In Buddhism there’s a concept called The Three Characteristics. The Three Characteristics define all experiences in life: Dukkha (unsatisfactoriness or suffering), Annica (impermanence), and Anata (not-self). If you examine the nature of each life experience that you have, the Buddha argued, you’ll find an element of each of the Three Characteristics in it.
No positive experience is completely satisfying; there’s always some lingering unsatisfactoriness. And of course there are plenty of negative experiences, too.
No experience is forever; it ends at some point, including life itself.
And no experience is inextricably tied up with “you”; the experience relates to component parts of an experience that do not amount to a stable “you.”
Buddhism argues that the highest happiness is peace. Put differently, being at peace with the nature of reality — the unbending laws of the universe, which includes the three characteristics — is key to deep happiness.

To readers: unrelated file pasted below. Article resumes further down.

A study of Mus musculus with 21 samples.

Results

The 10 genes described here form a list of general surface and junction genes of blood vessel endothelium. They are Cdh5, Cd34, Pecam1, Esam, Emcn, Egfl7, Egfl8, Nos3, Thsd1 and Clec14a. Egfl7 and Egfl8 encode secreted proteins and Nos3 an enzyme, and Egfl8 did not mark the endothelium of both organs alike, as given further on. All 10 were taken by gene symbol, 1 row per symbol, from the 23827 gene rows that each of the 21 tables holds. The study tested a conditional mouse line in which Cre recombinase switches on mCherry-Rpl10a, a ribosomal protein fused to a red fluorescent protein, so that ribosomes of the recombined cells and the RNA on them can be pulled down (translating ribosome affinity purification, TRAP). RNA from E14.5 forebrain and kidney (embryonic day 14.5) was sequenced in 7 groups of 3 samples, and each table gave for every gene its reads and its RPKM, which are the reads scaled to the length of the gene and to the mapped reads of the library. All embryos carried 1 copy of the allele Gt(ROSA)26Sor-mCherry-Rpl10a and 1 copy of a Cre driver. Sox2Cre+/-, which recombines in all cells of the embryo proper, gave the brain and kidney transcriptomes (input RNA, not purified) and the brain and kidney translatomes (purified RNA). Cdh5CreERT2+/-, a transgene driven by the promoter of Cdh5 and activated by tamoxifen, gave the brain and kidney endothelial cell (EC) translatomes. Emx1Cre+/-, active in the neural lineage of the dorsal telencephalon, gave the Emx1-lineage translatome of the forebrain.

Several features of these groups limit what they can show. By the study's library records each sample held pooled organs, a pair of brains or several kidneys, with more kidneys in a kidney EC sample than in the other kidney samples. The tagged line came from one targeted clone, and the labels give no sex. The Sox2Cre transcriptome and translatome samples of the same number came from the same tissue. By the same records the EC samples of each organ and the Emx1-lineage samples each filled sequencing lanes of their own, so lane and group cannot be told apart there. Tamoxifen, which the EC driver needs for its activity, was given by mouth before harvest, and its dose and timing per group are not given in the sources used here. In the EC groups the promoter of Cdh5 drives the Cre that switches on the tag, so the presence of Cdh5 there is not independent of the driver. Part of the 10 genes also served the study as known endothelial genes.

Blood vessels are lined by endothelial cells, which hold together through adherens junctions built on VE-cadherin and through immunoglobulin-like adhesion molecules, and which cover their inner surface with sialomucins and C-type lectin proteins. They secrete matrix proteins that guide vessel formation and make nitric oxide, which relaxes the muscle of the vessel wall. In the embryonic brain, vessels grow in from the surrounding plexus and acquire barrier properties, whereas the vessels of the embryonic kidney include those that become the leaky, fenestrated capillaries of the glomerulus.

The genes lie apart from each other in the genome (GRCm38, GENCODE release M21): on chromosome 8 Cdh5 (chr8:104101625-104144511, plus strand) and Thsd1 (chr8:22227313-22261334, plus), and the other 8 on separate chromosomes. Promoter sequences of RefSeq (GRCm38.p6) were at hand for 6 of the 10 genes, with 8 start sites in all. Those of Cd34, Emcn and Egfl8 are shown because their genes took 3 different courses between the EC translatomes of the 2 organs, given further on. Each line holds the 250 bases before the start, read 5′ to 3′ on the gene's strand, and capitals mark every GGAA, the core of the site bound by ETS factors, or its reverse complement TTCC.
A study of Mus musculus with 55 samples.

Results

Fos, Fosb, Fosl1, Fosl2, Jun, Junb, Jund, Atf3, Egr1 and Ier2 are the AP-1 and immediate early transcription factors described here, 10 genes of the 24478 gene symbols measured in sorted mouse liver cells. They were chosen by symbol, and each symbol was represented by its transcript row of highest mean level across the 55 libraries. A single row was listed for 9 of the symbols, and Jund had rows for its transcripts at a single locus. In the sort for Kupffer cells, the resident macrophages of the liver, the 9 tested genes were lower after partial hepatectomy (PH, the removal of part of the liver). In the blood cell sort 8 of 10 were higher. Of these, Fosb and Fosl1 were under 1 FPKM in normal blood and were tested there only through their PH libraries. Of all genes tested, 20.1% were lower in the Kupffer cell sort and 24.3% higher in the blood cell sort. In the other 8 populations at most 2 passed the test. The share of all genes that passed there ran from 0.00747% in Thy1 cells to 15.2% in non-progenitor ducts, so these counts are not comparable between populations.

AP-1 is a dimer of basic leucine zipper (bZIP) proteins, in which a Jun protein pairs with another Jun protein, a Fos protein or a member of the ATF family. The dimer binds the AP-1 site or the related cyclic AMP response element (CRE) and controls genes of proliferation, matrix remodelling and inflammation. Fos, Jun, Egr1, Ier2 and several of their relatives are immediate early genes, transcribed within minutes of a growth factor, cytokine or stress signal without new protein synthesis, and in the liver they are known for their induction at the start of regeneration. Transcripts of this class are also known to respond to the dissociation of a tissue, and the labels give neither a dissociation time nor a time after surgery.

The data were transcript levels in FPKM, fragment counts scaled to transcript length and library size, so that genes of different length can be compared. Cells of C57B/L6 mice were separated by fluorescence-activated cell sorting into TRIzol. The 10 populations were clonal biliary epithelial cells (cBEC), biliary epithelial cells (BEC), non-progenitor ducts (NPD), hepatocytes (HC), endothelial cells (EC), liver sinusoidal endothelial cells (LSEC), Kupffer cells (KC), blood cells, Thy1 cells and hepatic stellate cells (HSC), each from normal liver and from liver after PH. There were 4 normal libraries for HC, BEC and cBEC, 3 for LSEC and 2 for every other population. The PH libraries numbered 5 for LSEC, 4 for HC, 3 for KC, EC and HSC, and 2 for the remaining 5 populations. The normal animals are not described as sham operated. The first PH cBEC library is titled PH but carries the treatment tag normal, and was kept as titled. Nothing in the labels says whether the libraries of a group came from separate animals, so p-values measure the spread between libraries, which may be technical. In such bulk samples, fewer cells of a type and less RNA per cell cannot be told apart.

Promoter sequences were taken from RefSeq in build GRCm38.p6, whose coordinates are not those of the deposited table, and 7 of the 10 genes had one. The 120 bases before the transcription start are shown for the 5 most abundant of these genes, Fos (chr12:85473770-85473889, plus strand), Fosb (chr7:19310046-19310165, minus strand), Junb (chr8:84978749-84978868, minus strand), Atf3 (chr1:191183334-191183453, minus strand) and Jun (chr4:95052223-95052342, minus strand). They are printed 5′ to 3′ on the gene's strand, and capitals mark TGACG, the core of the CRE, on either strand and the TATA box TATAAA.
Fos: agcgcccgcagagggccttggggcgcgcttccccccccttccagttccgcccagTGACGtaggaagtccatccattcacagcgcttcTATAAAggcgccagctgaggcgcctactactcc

The principle of Three Characteristics can be valuable in understanding business and life in a non-Buddhist context. Let’s try to map them into lay terms:
Nothing is perfect, permanent, or personal.
Perfect. If you strive for excellence, as I do, you’ll never be fully, totally satisfied. Nothing can ever be perfect. Be at peace with that.
Permanent. This too shall pass. Whatever is going well right now, whatever is going poorly — it’s not permanent. Be at peace with that.
Personal. Whatever is happening to your business, don’t take it personally. It’s bigger than you. More to the point, your company mission is bigger than any one person, including you. You are merely one person in a larger ecosystem of forces that shape the success or failure of your business. Be at peace with that.
Being at peace with these realities is easier said than done. In fact, developing this kind of peace may require nothing less than an ardent spiritual undertaking to fully internalize what these truths mean.
But even at a surface level, I think the 3 Characteristics can be useful reminders to laypeople. To me it’s one of the more helpful applications of Buddhist thinking to real life.